Tuesday at the FINA World Swimming Championships (25m) it was time to put an end to that.
The 21-year-old rising star from Okotoks, Alta., swam the short-course 200-m individual medley of his life – so far – finishing in 1:51.04 to take more than a second off his Canadian record and earn a bronze medal.
South Africa’s Matthew Sates won in an African record 1:50.15, followed by Carson Foster of Team USA in 1:50.96. It’s the first individual medal for Knox at a major senior international championships, one of two for Canada Tuesday as the women’s 4×100 freestyle relay also earned bronze.
“It feels nice, but to see how close I was to second and to see how big the gap was with first I’ve still got work to do. That’s behind me and I’m just at the beginning,” Knox said.
To say Knox has experienced some bad beats is an understatement. Last year at this meet, Knox set a Canadian record in the 100 medley but he finished 9th in the 200 to miss the final and was the only team member to leave without a medal.
“Coming into world short course last year, it was like 12 weeks post (hand) surgery. In the back of my head, I knew what I was capable of, I just didn’t execute in the morning. I came ninth and that stung a lot,” Knox said.
Knox has also had a pair of heartbreaker results in long course, just missing semis with 17th-place finishes at last year’s Tokyo 2020 Olympic Games and this summer’s long-course FINA World Championships.
The near misses “for sure lit a fire in my stomach and coming into this worlds I just didn’t want to let that happen again, so I made sure to get the job done in the morning and then show up tonight,” said Knox, who breezed through prelims in third at 1:52.50 and held off multiple international medallists Shaine Casas of Team USA (1:51.31) and Daiya Seto of Japan (1:51.39) in the final to reach the podium.
“Finals is the easy part. You know you just go in there and race as hard as you can. That’s why I love racing. That’s why I wake up every morning and push myself. Because at the very end of the day when you step up on those blocks, you just go and you have fun. That’s what I did tonight and came away with a bronze medal.”
The women’s 4×100-m freestyle relay added a second bronze later in the night. The team of Rebecca Smith, Taylor Ruck, Maggie Mac Neil and Katerine Savard combined for a Canadian record of 3:28.06. That was faster than Canada’s gold medal time from last year, as Australia won in a world record 3:25.43, followed by Team USA in 3:26.29.
Smith led off in 52.68 for her second personal best of the day, followed by Ruck in 51.49, and Mac Neil in a blazing 51.11, with the veteran Savard anchoring in 52.78 to get the job done.
“The crowd was going crazy,” said Ruck. “It was just so good to see our teammates out there doing what they do best.”
The men’s 4×100 free relay followed up with a Canadian record of their own from Lane 1. Ruslan Gaziev, Yuri Kisil, Javier Acevedo and Ilya Kharun combined for a time of 3:07.10, taking down a 13-year-old record Brent Hayden, Joel Greenshields, Blake Worsley and Hassaan Abdel-Khalik set at the end of the super suit era. Italy won in a world record 3:02.75.
“It’s always a treat racing with this good group of guys. It’s always so much fun and I’m proud of them,” Kisil said. “That’s all I can really ask for.”
Acevedo, who was disappointed in his morning swims after not advancing in 100-m backstroke or 200-m IM, took Knox’s spot in the final and bounced back with a blazing 46.18 split.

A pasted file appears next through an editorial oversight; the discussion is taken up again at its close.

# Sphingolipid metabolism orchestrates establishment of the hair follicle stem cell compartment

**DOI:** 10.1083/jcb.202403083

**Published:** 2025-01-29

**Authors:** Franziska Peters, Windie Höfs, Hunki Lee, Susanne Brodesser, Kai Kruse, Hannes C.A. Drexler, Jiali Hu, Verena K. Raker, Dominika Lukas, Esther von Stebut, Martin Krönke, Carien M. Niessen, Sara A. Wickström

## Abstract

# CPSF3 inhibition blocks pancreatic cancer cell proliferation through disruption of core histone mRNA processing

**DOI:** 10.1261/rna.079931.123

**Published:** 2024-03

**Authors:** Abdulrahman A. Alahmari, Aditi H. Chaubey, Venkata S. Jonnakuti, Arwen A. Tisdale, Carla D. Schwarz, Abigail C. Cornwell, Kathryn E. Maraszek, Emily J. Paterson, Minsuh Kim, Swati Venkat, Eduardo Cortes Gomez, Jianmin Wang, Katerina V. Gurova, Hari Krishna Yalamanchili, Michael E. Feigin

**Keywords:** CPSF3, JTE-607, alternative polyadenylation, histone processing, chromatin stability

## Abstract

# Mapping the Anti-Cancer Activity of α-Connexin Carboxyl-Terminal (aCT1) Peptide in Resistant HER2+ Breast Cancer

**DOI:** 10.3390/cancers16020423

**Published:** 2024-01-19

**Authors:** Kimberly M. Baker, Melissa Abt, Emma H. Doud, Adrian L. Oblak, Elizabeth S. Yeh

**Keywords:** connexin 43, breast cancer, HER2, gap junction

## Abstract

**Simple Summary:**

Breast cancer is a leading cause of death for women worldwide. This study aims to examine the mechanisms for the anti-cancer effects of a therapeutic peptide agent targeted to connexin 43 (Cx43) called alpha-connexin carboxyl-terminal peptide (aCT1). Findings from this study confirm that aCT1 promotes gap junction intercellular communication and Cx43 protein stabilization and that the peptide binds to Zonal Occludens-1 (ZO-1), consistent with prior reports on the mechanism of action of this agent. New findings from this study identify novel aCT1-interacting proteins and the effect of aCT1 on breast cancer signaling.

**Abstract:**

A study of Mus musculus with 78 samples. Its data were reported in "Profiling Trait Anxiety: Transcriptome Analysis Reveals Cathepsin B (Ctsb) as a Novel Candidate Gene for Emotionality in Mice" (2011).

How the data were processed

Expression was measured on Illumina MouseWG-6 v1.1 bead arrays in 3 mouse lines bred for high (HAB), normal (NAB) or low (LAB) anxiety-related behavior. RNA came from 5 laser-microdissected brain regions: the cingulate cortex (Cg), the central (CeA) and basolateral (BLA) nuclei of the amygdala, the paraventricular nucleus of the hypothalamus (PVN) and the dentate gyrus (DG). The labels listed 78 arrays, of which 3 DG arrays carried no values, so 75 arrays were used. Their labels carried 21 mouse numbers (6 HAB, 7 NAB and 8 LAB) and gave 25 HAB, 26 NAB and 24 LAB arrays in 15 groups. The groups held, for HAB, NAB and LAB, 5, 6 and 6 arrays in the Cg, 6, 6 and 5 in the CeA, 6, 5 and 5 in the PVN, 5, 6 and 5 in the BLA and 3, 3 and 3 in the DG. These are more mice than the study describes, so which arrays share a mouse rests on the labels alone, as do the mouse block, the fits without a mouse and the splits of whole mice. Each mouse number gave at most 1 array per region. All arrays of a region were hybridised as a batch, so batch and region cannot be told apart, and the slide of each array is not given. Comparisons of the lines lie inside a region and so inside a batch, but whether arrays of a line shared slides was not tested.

“You’ve just got to reset and move on and when you have three other guys with you – and including Finlay (who swam) in the morning – you just feed off that,” said
Mac Neil got Canada’s night started right in the 50-m butterfly, leading all semifinalists with a time of 24.78, just 0.03 off her national record set at the World Cup in Toronto in October. The London, Ont., native is looking to be even faster in Wednesday’s final.
“It was better than this morning but still not quite spot on where I want to be so that’s definitely what I’m going to look forward to tomorrow,” Mac Neil said.
Savard of finished 16th in 25.81. It’s the second-fastest time ever for the 29-year-old three-time Olympian from Montreal’s CAMO club after a personal best 25.50 in her morning heat.
Knox wasn’t the only Canadian to lower an individual Canadian record Tuesday. Kharun set Canadian and world junior records for the second time in a day in his 50-m fly semi. Kharun went 22.28 to shave a further .04 seconds off the mark he set in his morning heat, to tie for eighth with Daniel Zaitsev of Estonia.
Kharun, a Montreal native making his national team debut, came into the meet with the national record, and had the world junior mark on his mind.
“I feel pretty good. I’ve been focusing on the records and it feels great, but I’ve got to keep going,” Kharun said.
Kharun and Zaitsev will have a swim-off for the last spot in Wednesday’s final just before the scheduled preliminary session.
Sydney Pickrem faced a tall task to repeat as 200-m individual medley champion. She came in fifth at 2:05.22 in a race that saw Kate Douglass of Team USA win in a continental record 2:02.12, followed by fellow American Alex Walsh in 2:03.37. Australian Kaylee McKeown grabbed bronze in an Oceania record 2:03.57, followed by Marrit Steenbergen of the Netherlands (2:04.94) then Pickrem.
“I knew it was going to be a deep field from the morning and I’m just grateful I got to race and get a second swim,” Pickrem said. “I knew it was going to be a stacked event so I just wanted to have fun with it and enjoy it. I’ts better than the morning so that’s all I’m really looking at right now. It’s a long meet, there’s still 10 more sessions to go, so I’m happy with it and just glad to be racing.”
Meanwhile, Canada will have two women in Wednesday’s 100-m backstroke final after Ingrid Wilm (2nd, 55.92) and Kylie Masse (5th, 56.13) both advanced.